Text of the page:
So today I attended our high school’s senior graduation. The last one I was on vacation and I’d just assumed it was right after school let out for winter break. But no, that would make sense…Instead, Korean students take their college entrance exams and cease to be studious. Their last month of school is spent goofing off, enabled by their teachers who show movies and let them do whatever they want, because they are “unteachable.” These seniors even have to go to night classes. Then, after winter break they come back for a week and again do nothing! Man, set them free and don’t drag out the babysitting, for God’s sake…
None of the students today wore uniforms and we all assembled in the new auditorium, the students filling only the front half of it (it seemed like half the students were missing?) the parents and family filling the back, and on the stage a dozen city and county officials, a couple of teachers and the principal all dressed in suits. I was dressed like a total scrub, and felt horribly conspicuous so under-dressed while sporting the “Congratulations on your graduation” ribbon all the teachers were given to wear.
Then, we were all lead in singing the national anthem. Once again, it always surprises me because everyone in Korea only sings the first stanza and once again, I somehow know the second stanza from having to sing it in Heritage camp once when I was a kid and I remembered my Korean tutor asking me to sing it and how shocked she was because, as she told me, even most Koreans don’t know the second stanza. I had one of those adoptee moments because it really feels weird to put your hand over your heart saluting the flag and singing the national anthem while bitter thoughts of being thrown away by your country crosses your mind.
Thank God we have a small school because they then hand out tons and tons of little awards. There were a few whoops and hollers, but really tame in comparison to a U.S. graduation, and none of those Euro-centric academia gowns and mortar-board hats with tassels. The principal and two other officials gave speeches and I was totally appalled to barely be able to hear him because parents and students were having loud conversations all around me. Surprisingly, afterward everyone sings “Auld Lang Zine” in Korean.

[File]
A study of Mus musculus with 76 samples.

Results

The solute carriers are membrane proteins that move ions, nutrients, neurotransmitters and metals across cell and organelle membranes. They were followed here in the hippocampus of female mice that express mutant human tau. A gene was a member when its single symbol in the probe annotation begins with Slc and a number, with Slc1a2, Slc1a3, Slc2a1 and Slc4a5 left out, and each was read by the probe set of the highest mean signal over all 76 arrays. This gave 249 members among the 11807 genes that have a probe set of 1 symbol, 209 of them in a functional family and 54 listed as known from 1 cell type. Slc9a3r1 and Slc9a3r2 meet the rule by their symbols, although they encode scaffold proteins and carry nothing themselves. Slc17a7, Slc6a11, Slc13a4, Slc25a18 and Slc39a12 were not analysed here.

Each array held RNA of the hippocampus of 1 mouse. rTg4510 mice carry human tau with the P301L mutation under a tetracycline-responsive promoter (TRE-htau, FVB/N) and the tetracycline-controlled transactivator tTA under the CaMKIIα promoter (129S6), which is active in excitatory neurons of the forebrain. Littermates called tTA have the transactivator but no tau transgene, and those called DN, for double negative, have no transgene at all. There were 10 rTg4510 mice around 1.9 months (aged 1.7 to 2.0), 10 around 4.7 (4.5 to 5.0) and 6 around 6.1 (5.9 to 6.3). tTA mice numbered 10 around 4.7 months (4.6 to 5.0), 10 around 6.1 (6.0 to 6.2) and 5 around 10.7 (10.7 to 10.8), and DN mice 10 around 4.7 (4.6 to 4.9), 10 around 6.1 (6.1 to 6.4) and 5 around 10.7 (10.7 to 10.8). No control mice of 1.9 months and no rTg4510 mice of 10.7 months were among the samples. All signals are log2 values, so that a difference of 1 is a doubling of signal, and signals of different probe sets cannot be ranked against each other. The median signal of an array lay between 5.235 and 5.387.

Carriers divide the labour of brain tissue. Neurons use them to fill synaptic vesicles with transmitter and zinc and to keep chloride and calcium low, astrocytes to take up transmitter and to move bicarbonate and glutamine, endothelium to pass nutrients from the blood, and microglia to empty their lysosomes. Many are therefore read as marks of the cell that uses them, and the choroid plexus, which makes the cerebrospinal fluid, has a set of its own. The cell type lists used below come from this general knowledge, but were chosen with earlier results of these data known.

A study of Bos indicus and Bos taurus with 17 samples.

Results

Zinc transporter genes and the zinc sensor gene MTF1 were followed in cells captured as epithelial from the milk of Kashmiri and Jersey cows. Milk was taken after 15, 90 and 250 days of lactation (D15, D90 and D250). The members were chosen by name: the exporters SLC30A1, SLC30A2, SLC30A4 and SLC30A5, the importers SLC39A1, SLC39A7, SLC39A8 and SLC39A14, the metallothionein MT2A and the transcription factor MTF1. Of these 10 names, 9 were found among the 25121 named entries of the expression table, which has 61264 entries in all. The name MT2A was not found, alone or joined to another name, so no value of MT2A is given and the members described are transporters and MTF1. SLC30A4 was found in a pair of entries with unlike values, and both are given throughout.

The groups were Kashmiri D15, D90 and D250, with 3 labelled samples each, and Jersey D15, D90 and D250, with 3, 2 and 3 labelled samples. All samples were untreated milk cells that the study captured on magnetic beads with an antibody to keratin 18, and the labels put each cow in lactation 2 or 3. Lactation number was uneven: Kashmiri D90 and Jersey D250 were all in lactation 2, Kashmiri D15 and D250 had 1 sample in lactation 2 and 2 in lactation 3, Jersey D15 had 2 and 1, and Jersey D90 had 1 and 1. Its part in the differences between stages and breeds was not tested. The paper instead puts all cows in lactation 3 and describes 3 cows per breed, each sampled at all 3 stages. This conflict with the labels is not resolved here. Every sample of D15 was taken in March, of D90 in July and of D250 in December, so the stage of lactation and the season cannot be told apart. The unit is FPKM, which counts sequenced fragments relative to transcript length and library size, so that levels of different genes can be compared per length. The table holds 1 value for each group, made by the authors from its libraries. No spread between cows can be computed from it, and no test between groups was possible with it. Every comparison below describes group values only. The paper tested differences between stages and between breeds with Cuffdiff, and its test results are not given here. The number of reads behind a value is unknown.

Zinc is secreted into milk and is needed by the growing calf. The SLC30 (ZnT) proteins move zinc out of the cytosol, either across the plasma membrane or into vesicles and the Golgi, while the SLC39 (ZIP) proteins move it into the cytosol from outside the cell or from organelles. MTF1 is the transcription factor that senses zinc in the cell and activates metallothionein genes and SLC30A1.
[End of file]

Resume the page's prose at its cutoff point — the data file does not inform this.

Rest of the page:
The whole school left before lunch, so I went looking for a restaurant, but the whole town was eating out after graduation. It seems they must have graduations for middle school students as well. I stopped at the Goat and Duck place and there are only two items offered for single servings: both soup. Since I’d had the Goat before, I ordered the other soup, assuming it was duck. Wrong. Nae Jang Guk. Which turned out to be intestines, which I fished out as I couldn’t even fathom biting through…
I stopped at the Alpha office supplies afterward to look for canvas-surfaced paper to try painting on. They didn’t have any oil paint or canvas or stretchers or anything – just acryllics and watercolor. Fortunately I had a small set of acrylics I bought but didn’t use for the puppet play that never transpired last year. I did buy some gel medium because I read that acrylics dry too fast to push around for long, and I can’t imagine not being able to do that, and I’ve never used acrylics before. Well, we’ll see.
Yesterday one of my students from last year brought me a hand-made Christmas card and a present, as we didn’t have an opportunity to connect before the break. There’s something really all-American about this girl. Something about her motivations, which are thoughtful and self-exploratory without being overly concerned about what her peers think.
The place is getting more comfortable, and at the same time not wanting to be included in society is really nice. I’m just about business, but of course trying to provide value while here. It’s going to be a good year.